The Roles of Enterprise Architects in Innovation – Part 3

Mar 2, 2020
Written by
Marc Lankhorst
Marc Lankhorst
Matthijs Scholten
Matthijs Scholten

The Roles of Enterprise Architects in Innovation – Part 3

In our previous two blogs, part 1 and part 2, we introduced the three roles of architects in innovation:

  1. Architecting for innovation: Architects can create room for innovation by reducing organizational complexity and facilitating change.
  2. Coordinating innovation: Architects can improve coordination and prioritization of investments in innovation.
  3. Initiating innovation: Enterprise architects can play a key role in connecting external business and technology trends to the internal structures and activities of the enterprise.

We discussed numbers 1 and 2 previously and will focus on number 3 in this blog. We also want to know your opinion, so please fill in our poll at the end!

As we said in the previous installment, we think that architects can provide executives, innovation leaders and innovation teams with smart insights that support better innovation decisions. We believe there is an opportunity for architects to innovate innovation, so to speak.

Initiating Innovation

(Teams of) Architects have pretty unique and deep business & IT knowledge and with their ‘horizontal’, broad perspective can see the opportunities and impact of trends where others focus more on the deep but narrow details. In our first installment in this series, we argued that architects can help their enterprise become more innovative by shaping space for innovation, spotting trends and analyzing their opportunities and impact. Our second post discussed the role of architects in ensuring a coordinated innovation approach, focused on the potential business value of innovation. Together this gives you room for and a grip on innovation.

Fight the “shiny object syndrome” and become a true innovation champion

In many organizations, we see people run after the latest shiny bauble. You know how it is: some manager says “IoT is hot, we need to do something with that” and people start running. Real business impact, however, requires deep insights into not just the (often technological) innovation itself but first and foremost into its potential business benefits (and risks!). This requires a combination of knowledge of both an enterprise’s business and IT, something that architects are uniquely positioned to offer.

The next step is to proactively engage with management in initiating innovation based on these insights and unlocking the true value of these innovations. This way, architects can become a trusted adviser of management on innovation.

Innovation portfolio analyses


Trigger the right innovations at the right time

In our previous blog, we showed how you can manage a portfolio of innovations based on aspects such as feasibility, desirability, strategic fit and adaptability, using architecture-based analyses to score ideas along these axes. You need a balanced portfolio of low-risk, low-return and high-risk, high-return innovations: tweaking existing processes just a bit in order to squeeze out the last drop of efficiency is not enough, but aiming exclusively for ‘loonshots’ and ignoring day-to-day improvements isn’t a good idea either. Based on the evaluations we mentioned, architects can trigger the right innovations at the right time. With their broad overview of existing and planned developments in the organization, they can initiate innovations that fit the business context and are well-timed, for example to piggyback on other changes or to take advantage of short-term market opportunities.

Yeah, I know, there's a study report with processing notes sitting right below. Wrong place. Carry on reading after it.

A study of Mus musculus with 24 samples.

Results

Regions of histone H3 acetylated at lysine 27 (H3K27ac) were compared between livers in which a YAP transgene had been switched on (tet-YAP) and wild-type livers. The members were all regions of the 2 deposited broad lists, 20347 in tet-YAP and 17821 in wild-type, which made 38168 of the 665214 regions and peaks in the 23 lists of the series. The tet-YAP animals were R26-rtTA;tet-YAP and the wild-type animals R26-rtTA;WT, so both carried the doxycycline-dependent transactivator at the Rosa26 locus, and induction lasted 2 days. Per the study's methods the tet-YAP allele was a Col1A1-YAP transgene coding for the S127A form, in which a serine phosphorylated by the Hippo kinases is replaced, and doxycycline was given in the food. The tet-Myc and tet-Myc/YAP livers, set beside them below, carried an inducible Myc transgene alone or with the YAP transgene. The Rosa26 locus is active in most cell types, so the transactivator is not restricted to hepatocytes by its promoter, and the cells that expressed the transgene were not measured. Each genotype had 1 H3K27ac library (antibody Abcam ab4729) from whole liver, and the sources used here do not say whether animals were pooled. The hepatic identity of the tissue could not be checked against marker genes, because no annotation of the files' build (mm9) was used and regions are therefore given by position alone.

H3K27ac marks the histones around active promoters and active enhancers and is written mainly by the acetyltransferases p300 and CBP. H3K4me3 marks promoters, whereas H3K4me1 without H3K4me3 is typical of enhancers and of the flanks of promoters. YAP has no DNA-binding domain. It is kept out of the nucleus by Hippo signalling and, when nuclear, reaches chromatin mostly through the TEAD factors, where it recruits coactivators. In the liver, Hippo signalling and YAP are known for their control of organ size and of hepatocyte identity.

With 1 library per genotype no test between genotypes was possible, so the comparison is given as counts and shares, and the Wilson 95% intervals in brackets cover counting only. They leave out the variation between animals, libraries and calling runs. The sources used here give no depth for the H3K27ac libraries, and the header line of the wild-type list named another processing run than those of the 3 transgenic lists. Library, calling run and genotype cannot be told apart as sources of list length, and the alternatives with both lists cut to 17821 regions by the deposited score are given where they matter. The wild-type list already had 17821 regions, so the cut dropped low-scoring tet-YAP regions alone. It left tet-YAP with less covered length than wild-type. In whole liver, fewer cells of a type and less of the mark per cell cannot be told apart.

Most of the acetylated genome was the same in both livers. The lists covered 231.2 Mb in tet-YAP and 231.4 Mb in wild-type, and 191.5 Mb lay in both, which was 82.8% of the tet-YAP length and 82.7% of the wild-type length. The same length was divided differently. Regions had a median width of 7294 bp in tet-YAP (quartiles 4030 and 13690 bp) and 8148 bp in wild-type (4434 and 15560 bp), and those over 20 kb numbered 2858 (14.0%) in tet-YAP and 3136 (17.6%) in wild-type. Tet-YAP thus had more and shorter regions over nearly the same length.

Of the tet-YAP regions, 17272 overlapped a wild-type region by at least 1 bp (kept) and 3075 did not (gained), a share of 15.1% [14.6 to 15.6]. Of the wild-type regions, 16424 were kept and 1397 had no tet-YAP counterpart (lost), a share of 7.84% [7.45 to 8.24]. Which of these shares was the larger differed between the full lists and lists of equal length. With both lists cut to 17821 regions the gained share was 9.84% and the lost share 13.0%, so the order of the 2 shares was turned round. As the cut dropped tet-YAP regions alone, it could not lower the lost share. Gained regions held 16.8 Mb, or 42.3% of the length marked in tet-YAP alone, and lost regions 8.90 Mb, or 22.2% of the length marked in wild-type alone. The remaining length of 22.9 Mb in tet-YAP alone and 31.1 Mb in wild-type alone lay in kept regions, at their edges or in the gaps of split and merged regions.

Innovate innovation itself

Finally, architects can play a key role in innovating the innovation processes in organizations. Successful innovation and change is not something that is confined to some department of experts in an ivory tower. Rather, it requires collaboration between many roles within the enterprise, engaging and convincing all manner of employees and other stakeholders, and bringing together bottom-up, top-down, and lateral flows of ideas. Again, architects with their broad knowledge and contacts in the organization can play a key role in facilitating this.

Moreover, you cannot manage innovation using whiteboards, sticky notes and beer mats alone, especially not in larger organizations with inputs from numerous angles and many moving parts that need to be coordinated. Successful innovation requires the right support: a shared space for innovation management. This is not necessarily a single tool or platform, but rather a well-integrated combination of instruments. That way, contributions of individuals and teams from across and beyond the enterprise can be brought together to reinforce each other.

Architecting such an environment is another contribution that architects have to offer to their organization. We at Bizzdesign are of course in the middle of that development too, with our HoriZZon platform that integrates with all kinds of other environments and can be the hub of such an innovation space.